British political leaders swapped blame Saturday over floods that have drenched parts of England as the deluge became an issue in the campaign for the Dec. 12 election.
Opposition Labour Party leader Jeremy Corbyn was visiting parts of northern England that were soaked by overflowing rivers after as much as 4.4 inches (112 mm) of rain — more than a month’s worth — fell in one day. One woman died when she was swept away by floodwaters.
The rain eased Saturday but the Environment Agency said seven severe “danger to life” flood warnings remained in place along the swollen River Don.
Corbyn said the Conservative government had “failed to prepare communities by investing in flood prevention.”
“This is what a climate and environment emergency looks like,” he said. “Every year we don’t act means higher flood waters, more homes ruined and more lives at risk.”
Prime Minister Boris Johnson visited the area on Friday, and insisted the government was investing in flood defenses.
“We are seeing more and more serious flooding — perhaps because of building, almost certainly because of climate change,” Johnson said. “We need to prepare and we need to be investing in those defenses, and that’s what this government is doing.”
Johnson pushed for the December election — taking place more than two years early — in the hope of breaking Britain’s political impasse over Brexit.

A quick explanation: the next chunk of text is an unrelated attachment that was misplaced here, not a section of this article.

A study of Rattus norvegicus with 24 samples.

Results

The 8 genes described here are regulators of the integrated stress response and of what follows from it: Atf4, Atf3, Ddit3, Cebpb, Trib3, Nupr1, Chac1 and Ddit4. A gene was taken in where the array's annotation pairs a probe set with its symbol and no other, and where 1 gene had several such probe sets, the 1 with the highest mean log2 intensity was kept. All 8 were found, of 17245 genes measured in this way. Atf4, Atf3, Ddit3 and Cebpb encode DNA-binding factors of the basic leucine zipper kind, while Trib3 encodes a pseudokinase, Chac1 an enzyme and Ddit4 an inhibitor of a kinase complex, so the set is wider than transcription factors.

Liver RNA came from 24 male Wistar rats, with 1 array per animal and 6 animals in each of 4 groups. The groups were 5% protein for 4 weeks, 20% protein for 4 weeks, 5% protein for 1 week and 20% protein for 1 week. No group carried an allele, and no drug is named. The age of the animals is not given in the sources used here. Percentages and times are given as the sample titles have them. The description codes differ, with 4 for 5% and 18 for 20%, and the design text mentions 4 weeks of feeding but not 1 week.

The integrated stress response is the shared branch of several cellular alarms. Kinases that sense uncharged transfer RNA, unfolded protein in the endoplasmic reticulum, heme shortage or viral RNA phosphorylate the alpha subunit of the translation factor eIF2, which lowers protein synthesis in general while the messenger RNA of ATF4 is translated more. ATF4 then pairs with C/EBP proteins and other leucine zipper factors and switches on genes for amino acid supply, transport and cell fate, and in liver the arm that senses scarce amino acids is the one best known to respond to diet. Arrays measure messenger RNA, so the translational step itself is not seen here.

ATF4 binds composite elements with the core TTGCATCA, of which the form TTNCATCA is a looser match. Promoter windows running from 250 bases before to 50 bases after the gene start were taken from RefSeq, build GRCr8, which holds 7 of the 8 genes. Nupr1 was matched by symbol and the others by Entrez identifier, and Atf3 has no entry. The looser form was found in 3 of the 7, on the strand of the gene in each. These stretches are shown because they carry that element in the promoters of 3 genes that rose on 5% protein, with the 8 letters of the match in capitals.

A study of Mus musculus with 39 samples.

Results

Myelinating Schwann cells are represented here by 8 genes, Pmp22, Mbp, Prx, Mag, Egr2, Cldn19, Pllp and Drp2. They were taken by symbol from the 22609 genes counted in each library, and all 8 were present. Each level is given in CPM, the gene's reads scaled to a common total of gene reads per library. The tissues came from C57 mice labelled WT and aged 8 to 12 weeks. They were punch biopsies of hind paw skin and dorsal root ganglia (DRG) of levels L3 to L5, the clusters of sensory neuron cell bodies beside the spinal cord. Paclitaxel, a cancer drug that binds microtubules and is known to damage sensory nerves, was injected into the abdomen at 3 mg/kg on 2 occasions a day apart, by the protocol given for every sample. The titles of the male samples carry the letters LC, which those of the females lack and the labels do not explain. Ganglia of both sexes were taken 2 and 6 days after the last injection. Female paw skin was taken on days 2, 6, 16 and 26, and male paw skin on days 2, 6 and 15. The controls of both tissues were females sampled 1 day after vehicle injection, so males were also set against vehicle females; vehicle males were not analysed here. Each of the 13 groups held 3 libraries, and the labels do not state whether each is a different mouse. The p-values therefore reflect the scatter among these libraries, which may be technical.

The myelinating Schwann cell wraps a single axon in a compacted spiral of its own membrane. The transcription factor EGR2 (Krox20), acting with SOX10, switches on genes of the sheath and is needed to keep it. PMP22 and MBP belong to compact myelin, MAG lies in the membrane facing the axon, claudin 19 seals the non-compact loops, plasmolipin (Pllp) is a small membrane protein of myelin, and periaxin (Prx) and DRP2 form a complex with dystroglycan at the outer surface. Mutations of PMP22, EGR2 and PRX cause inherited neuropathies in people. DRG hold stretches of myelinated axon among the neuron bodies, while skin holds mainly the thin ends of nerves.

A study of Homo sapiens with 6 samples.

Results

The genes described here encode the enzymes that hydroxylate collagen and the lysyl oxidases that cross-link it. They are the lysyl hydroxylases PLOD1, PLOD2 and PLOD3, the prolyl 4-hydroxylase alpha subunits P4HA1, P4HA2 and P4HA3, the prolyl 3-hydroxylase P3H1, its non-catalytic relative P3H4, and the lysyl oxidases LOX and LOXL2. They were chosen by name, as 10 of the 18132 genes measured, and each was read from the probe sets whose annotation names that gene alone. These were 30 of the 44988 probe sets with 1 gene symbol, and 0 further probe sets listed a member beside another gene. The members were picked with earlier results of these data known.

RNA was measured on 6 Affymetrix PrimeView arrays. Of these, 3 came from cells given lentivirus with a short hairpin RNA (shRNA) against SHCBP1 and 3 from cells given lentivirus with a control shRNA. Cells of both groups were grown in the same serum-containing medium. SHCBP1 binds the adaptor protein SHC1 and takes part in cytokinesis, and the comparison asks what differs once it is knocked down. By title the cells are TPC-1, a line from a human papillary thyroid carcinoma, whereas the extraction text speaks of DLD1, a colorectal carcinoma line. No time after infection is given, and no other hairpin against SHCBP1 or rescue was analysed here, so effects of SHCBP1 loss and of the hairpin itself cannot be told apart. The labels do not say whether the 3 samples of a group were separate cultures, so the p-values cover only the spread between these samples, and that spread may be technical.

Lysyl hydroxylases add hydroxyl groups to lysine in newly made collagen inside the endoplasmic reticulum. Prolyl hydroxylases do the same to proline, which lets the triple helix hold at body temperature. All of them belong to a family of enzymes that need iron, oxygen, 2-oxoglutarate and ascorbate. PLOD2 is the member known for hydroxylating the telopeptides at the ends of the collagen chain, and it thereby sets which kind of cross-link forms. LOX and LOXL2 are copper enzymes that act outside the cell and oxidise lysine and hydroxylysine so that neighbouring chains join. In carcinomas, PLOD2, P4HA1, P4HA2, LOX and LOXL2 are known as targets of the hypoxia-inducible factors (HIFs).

All 650 seats in the House of Commons are up for grabs. Johnson says that if voters give the Conservatives a majority he will “get Brexit done” and take the U.K. out of the European Union by the current deadline of Jan. 31.
Labour says it will negotiate a new divorce deal with the EU and then let voters decide between leaving on those terms and remaining in the bloc.
Both big parties are also promising more money for infrastructure, health care and public services.
In the latest sign that Brexit uncertainty is destabilizing the country, credit rating agency Moody’s downgraded Britain’s outlook from stable to negative on Friday.
It said Brexit had caused “inertia and, at times, paralysis” that had undermined Britain’s institutional strength. Moody’s did not lower Britain’s Aa2 rating, but said the U.K. economy could be “more susceptible to shocks than previously assumed.”